I just finished reading The Righteous Mind: Why Good People are Divided by Politics and Religion, by Jonathon Haidt, a social psychologist formerly at UVA and now at NYU. I highly recommend it. It touches on a boatload of topics that we have talked about here, including that perennial issue of the source and nature of morality. It is written by a self-proclaimed very liberal academic, but he does a pretty good job of setting that aside and except in a couple of places it happily does not approach things within the confines of liberal premises. In fact much of it is aimed at explaining why premises differ so much from person to person.
I’ve discovered (after already purchasing and reading it) that it is actually out there on the internet for free, here.
To entice you to read it, I’ll leave you with one of the concluding passages, which hopefully shows that my recommendation doesn’t derive simply out of confirmation bias.
If you take home one souvenir from this part of the tour, may I suggest that it be a suspicion of moral monists. Beware of anyone who insists that there is one true morality for all people, times, and places—particularly if that morality is founded upon a single moral foundation. Human societies are complex; their needs and challenges are variable. Our minds contain a toolbox of psychological systems, including the six moral foundations, which can be used to meet those challenges and construct effective moral communities. You don’t need to use all six, and there may be certain organizations or subcultures that can thrive with just one. But anyone who tells you that all societies, in all eras, should be using one particular moral matrix, resting on one particular configuration of moral foundations, is a fundamentalist of one sort or another.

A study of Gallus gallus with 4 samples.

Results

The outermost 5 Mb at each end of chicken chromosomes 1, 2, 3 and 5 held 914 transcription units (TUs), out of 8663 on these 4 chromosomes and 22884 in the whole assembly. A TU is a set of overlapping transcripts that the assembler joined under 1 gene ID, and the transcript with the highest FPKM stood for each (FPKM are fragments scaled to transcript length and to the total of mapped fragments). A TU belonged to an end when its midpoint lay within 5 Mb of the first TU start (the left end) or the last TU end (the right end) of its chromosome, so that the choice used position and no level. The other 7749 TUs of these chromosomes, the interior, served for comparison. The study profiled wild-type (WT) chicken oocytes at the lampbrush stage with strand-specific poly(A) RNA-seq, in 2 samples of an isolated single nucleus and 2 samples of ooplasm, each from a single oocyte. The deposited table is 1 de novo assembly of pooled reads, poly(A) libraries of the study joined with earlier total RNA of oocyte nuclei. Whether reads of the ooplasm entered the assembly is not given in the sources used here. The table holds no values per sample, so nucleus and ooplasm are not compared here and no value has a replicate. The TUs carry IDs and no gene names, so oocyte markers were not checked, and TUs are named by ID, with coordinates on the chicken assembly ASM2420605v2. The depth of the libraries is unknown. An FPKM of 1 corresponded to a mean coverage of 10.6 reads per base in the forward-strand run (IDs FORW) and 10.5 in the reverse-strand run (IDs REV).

The philosopher Isaiah Berlin wrestled throughout his career with the problem of the world’s moral diversity and what to make of it. He firmly rejected moral relativism:
I am not a relativist; I do not say “I like my coffee with milk and you like it without; I am in favor of kindness and you prefer concentration camps”—each of us with his own values, which cannot be overcome or integrated. This I believe to be false.
He endorsed pluralism instead, and justified it in this way:
I came to the conclusion that there is a plurality of ideals, as there is a plurality of cultures and of temperaments.… There is not an infinity of [values]: the number of human values, of values which I can pursue while maintaining my human semblance, my human character, is finite—let us say 74, or perhaps 122, or 27, but finite, whatever it may be. And the difference this makes is that if a man pursues one of these values, I, who do not, am able to understand why he pursues it or what it would be like, in his circumstances, for me to be induced to pursue it. Hence the possibility of human understanding.”